Wiring & Connector Issues Experience shows that this is the most common failure encountered by LEVs.
EMI/RFI ("noise") Diagnosing and fixing issues surrounding corrupted data signals.
Troubleshooting @Grin The web's BEST single point resource when your LEV project needs some TLC. Brought to you by the world's best ebike shop, GRIN Technologies at







Wiring & Connector Issues

One of the most common connectors used in the LEV world for power wires/cables is the Anderson PowerPole (R) ("Anderson") connector. In the lighter weight series (15-45 amps), these connectors are very convenient and flexible in their use, and are generally reliable - if used correctly.

Shown below is an example of how these Anderson connectors can fail (the three yellow connectors). The black connectors show the correctly positioned inner terminals.

The same yellow connectors shown above now have the cable terminals repaired and correctly installed into the Anderson housings. Note that the 'hooks' of the terminals crimped onto the cables, and inserted into the housings, are inserted so that they're completely over the top of the housings'spring plate. When inserting the terminal into the housing, keep pushing until you hear a distinctive 'click' generated by the terminal slipping over the spring.




Hall Sensor testing

There are any number of ways to determine whether the Hall sensors embedded in a BLDC motor are working correctly. One of the easiest is the use of an "ebike tester" which tests phase wires, Hall sensors, and standard throttles. For phase and Hall functions, this type of tester will work with both the motor and/or the controller. This generic chinese tester was purchased several years ago for less than $20 (testers available today will probably be available with English labels). In this example, the motor's hall sensors were all functioning correctly, evidenced by their lighting up 3 LED's sequentially while the motor was rotated by hand.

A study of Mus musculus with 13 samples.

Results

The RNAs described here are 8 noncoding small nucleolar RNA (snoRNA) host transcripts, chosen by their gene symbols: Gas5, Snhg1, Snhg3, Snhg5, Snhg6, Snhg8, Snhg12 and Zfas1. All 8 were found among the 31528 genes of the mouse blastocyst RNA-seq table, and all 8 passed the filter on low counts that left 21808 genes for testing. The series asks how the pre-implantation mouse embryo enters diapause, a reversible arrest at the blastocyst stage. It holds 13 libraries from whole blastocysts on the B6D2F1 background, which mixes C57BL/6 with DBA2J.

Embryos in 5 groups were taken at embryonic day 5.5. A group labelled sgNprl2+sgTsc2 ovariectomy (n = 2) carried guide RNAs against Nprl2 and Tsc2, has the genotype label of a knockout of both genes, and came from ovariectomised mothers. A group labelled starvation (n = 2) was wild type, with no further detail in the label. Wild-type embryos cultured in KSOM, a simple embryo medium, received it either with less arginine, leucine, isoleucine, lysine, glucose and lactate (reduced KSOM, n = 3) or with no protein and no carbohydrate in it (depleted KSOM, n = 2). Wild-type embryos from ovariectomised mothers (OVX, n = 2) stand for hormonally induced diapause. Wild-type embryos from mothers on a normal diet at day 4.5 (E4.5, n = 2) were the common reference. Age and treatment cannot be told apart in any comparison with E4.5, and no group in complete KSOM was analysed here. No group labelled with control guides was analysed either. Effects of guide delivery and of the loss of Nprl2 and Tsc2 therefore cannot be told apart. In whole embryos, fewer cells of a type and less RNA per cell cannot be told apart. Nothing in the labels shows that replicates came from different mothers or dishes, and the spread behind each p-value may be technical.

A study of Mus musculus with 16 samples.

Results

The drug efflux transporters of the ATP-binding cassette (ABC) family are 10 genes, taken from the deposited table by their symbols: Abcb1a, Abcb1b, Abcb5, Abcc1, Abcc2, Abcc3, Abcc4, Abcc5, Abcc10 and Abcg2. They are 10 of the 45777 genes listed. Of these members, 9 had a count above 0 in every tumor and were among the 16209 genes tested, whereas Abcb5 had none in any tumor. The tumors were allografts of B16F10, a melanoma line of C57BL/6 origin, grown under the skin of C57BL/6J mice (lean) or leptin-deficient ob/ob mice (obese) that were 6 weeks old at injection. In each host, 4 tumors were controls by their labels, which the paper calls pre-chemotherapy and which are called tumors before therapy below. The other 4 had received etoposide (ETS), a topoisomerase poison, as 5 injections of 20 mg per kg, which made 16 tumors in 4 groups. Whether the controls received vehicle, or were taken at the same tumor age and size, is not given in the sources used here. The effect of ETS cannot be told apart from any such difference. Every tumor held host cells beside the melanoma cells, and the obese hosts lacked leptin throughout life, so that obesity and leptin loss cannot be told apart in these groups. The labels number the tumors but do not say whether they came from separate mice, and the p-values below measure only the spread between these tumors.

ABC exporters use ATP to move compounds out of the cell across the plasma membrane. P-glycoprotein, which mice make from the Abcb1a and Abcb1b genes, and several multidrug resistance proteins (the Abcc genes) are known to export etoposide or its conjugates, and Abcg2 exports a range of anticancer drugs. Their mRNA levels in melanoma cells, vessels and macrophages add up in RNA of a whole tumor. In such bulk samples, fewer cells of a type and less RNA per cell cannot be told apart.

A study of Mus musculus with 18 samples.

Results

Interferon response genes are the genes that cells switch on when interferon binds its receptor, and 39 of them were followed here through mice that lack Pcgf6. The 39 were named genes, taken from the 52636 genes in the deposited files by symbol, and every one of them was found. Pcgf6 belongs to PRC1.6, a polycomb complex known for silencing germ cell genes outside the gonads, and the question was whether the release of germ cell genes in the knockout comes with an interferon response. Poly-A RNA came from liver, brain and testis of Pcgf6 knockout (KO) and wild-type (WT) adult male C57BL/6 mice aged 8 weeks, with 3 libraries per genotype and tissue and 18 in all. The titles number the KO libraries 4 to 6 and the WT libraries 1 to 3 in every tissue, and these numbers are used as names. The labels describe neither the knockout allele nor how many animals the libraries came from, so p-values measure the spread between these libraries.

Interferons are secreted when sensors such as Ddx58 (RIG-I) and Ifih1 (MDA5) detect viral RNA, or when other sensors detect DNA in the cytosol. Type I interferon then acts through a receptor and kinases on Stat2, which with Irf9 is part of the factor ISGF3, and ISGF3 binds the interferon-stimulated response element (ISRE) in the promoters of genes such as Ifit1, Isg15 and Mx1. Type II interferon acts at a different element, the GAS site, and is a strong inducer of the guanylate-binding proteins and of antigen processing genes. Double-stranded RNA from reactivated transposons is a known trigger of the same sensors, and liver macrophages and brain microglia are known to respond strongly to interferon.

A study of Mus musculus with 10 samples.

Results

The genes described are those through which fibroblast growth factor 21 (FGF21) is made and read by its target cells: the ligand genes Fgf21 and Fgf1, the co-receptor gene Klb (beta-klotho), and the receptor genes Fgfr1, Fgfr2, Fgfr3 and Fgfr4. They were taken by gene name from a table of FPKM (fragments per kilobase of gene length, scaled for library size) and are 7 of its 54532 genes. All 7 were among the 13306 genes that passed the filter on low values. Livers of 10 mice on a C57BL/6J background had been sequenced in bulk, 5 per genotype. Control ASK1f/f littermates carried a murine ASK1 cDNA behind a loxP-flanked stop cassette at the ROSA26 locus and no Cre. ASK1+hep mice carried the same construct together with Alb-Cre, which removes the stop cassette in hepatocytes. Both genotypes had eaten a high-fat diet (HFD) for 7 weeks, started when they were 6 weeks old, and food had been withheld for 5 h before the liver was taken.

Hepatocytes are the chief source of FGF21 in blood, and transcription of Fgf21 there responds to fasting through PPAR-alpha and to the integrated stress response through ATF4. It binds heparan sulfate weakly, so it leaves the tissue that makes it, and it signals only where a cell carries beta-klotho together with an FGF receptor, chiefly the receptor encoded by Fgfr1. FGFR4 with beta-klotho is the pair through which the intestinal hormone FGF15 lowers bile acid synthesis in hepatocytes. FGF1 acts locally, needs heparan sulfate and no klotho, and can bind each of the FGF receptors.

Both electro-mechanical interference ("EMI") and radio-frequency interference ("RFI") can be pernicious gremlins that will completely kill an otherwise perfectly functioning LEV.

We originally ran into this issue when implementing our strain gage based methods used to provide electric assistance and control for LEVs, including the INA circuit board.

In this example from the Endless-Sphere forum, one member describes how a very specific type of EMI (current induced into the bike's steel frame from a running motor) prevented his bottom-bracket based torque and cadence sensor's data from being accurately read.
Although he does not specifically identify the motor as the primary cause, in our experience it is the actual spinning motor, solidly attached to the bike's frame, which is the actual culprit.